Is this the structure of Chicago?


    The curve heading to the southwest seems especially suspect for not corresponding to any particular road or transit line.

    Data from the Twitter streaming API (10000 points, 30000 vectors). Base map from OpenStreetMap, CC-BY-SA

    A set of the same technique applied to other cities

    karlsbad, SergeyKD, ian_dewbecker, and 31 other people added this photo to their favorites.

    1. Oculator 27 months ago | reply

      It would be interesting to see an overlay of this on your ethnicity map. Seems like folks don't Tweet much driving down the Dan Ryan, especially as compared to the Kennedy and Edens. Thanks for putting up all this beautiful work.

    2. Eric Fischer 27 months ago | reply

      Keep in mind this is trying to be a map of travel from locations to other locations, not of individual tweets. The individual tweets are just to guide the paths. I think what you are seeing here is mostly a lot of travel between O'Hare and the Loop, not a particular tendency to tweet while driving on that route. (Also, the Edens is hardly represented here at all. Those two big routes to the north and northwest are Clark Street and Milwaukee Avenue.)

    3. biokinetic 27 months ago | reply

      also note that the cta blue line runs down the middle of the kennedy from o'hare to the loop. the southwest leg you're seeing is the elevated orange line that runs from the loop to midway. i'd bet that most people are just tweeting on the train to or from a flight.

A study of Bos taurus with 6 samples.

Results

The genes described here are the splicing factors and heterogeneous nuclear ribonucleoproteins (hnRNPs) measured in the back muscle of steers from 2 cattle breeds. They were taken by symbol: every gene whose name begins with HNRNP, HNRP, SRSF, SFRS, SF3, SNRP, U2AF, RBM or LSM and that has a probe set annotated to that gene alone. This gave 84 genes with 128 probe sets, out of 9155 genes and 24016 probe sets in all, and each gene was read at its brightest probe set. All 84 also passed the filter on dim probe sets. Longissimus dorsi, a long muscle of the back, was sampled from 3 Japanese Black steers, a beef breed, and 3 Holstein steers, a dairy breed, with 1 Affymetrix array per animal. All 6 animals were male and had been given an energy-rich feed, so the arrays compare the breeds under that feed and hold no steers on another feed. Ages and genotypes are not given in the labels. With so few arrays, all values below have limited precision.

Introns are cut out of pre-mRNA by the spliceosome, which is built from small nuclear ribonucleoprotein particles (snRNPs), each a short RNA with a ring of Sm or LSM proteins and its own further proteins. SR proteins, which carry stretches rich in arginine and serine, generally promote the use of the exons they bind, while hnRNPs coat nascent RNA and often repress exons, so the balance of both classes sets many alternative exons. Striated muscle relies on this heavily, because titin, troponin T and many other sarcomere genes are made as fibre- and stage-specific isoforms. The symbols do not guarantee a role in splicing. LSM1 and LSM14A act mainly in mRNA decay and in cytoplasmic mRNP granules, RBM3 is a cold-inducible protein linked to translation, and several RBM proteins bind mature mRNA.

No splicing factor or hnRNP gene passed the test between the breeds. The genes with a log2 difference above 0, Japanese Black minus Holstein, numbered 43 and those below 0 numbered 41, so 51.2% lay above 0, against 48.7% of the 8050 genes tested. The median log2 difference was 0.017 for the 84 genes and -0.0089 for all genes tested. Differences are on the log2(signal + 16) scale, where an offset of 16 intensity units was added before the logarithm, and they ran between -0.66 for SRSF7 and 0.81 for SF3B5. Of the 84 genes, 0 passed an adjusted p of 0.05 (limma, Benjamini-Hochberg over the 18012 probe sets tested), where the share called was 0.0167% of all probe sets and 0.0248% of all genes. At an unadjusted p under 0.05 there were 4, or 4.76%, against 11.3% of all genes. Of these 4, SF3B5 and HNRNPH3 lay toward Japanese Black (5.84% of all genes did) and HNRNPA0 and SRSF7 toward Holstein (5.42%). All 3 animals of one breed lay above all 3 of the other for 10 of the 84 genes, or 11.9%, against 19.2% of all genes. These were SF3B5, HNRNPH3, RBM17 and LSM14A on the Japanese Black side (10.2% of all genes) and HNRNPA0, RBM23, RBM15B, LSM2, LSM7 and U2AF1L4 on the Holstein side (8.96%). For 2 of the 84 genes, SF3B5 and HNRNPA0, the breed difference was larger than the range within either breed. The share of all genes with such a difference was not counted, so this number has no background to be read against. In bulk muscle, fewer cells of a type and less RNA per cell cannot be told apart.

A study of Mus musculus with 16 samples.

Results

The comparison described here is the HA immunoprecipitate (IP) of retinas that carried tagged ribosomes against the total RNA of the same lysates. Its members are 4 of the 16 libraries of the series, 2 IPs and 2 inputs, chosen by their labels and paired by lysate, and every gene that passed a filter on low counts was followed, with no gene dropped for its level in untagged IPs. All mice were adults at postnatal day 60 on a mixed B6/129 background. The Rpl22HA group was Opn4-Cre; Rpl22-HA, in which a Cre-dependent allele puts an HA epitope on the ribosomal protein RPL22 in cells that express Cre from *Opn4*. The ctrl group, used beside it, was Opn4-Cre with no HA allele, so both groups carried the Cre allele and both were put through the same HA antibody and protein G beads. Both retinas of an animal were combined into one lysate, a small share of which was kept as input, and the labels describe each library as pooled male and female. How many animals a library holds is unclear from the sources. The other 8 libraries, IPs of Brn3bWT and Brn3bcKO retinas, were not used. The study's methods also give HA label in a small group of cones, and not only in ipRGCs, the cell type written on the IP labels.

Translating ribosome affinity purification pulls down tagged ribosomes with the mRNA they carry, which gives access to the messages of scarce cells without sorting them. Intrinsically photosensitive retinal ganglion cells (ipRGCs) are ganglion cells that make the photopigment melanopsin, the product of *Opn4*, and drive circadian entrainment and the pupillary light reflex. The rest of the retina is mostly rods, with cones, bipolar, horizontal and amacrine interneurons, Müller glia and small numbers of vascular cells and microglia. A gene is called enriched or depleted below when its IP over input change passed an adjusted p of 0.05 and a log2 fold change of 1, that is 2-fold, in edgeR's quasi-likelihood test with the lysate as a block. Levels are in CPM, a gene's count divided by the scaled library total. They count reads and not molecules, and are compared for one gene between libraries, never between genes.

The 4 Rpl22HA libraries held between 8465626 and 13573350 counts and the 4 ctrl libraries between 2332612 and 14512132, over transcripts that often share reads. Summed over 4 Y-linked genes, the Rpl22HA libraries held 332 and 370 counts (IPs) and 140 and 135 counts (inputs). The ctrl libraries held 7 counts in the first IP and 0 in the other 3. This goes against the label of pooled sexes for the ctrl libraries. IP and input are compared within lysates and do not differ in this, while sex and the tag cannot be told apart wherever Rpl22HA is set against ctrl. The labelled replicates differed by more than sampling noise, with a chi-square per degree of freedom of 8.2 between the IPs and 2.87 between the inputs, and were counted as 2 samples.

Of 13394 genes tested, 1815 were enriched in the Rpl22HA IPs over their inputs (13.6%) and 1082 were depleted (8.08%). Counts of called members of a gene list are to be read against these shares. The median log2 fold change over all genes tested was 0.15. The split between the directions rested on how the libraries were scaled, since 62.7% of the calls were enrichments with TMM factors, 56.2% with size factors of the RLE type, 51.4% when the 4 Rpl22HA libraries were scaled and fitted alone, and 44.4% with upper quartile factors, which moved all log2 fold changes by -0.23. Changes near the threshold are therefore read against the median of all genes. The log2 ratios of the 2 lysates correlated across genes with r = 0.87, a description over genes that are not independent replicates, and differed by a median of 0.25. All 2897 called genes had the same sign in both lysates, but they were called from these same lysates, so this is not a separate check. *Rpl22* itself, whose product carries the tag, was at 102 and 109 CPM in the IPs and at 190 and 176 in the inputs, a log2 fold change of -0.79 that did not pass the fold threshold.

4. find myself a city (1001 Afternoons in Chicago) 27 months ago | reply

      Another product of the University of Chicago? (That is, did you graduate from U of C?)

    5. shadowsinspace 24 months ago | reply

      Eric - I think you might enjoy this upcoming show I'm in, for real not just plugging cause I'm in it... :)
      Natural Networks: Systems of scale, thought & unseen connectivity. Venture into the borderlands of the abstract on.fb.me/Iz3X6u

    6. fhughes88 18 months ago | reply

      This map says only that higher SES categories tweet while using transit. It says nothing of demand for transportation.

    7. Eric Fischer 18 months ago | reply

      If you look closely, the routes are mostly actually assigned here to major commercial streets, not to the transit lines themselves. Tweeting from transit is a relatively minor component.

      You are probably right about low economic status being underrepresented, but I don't think you are right about social status. If you read the Twitter public stream for a while, you can see that US tweeting is dominated by young speakers of stigmatized dialects. You do point out the need to study this bias systematically though.

    8. metaroll 10 months ago | reply

      Hi Eric, did you apply some path aggregation or bundling algorithm to the data? E.g. something like Floyd–Warshall?

    9. Eric Fischer 10 months ago | reply

      The path aggregation is by Dijkstra shortest path routing, but I think the Floyd-Warshall result would be equivalent in this case.

    10. metaroll 10 months ago | reply

      Thanks! Did you calculate all shortest paths between the 10000 points or did you just use a subset?

    11. Eric Fischer 9 months ago | reply

      I calculated the shortest paths between all 30,000 origin-destination pairs. I'm not sure if it actually ended up calculating the complete network in the process.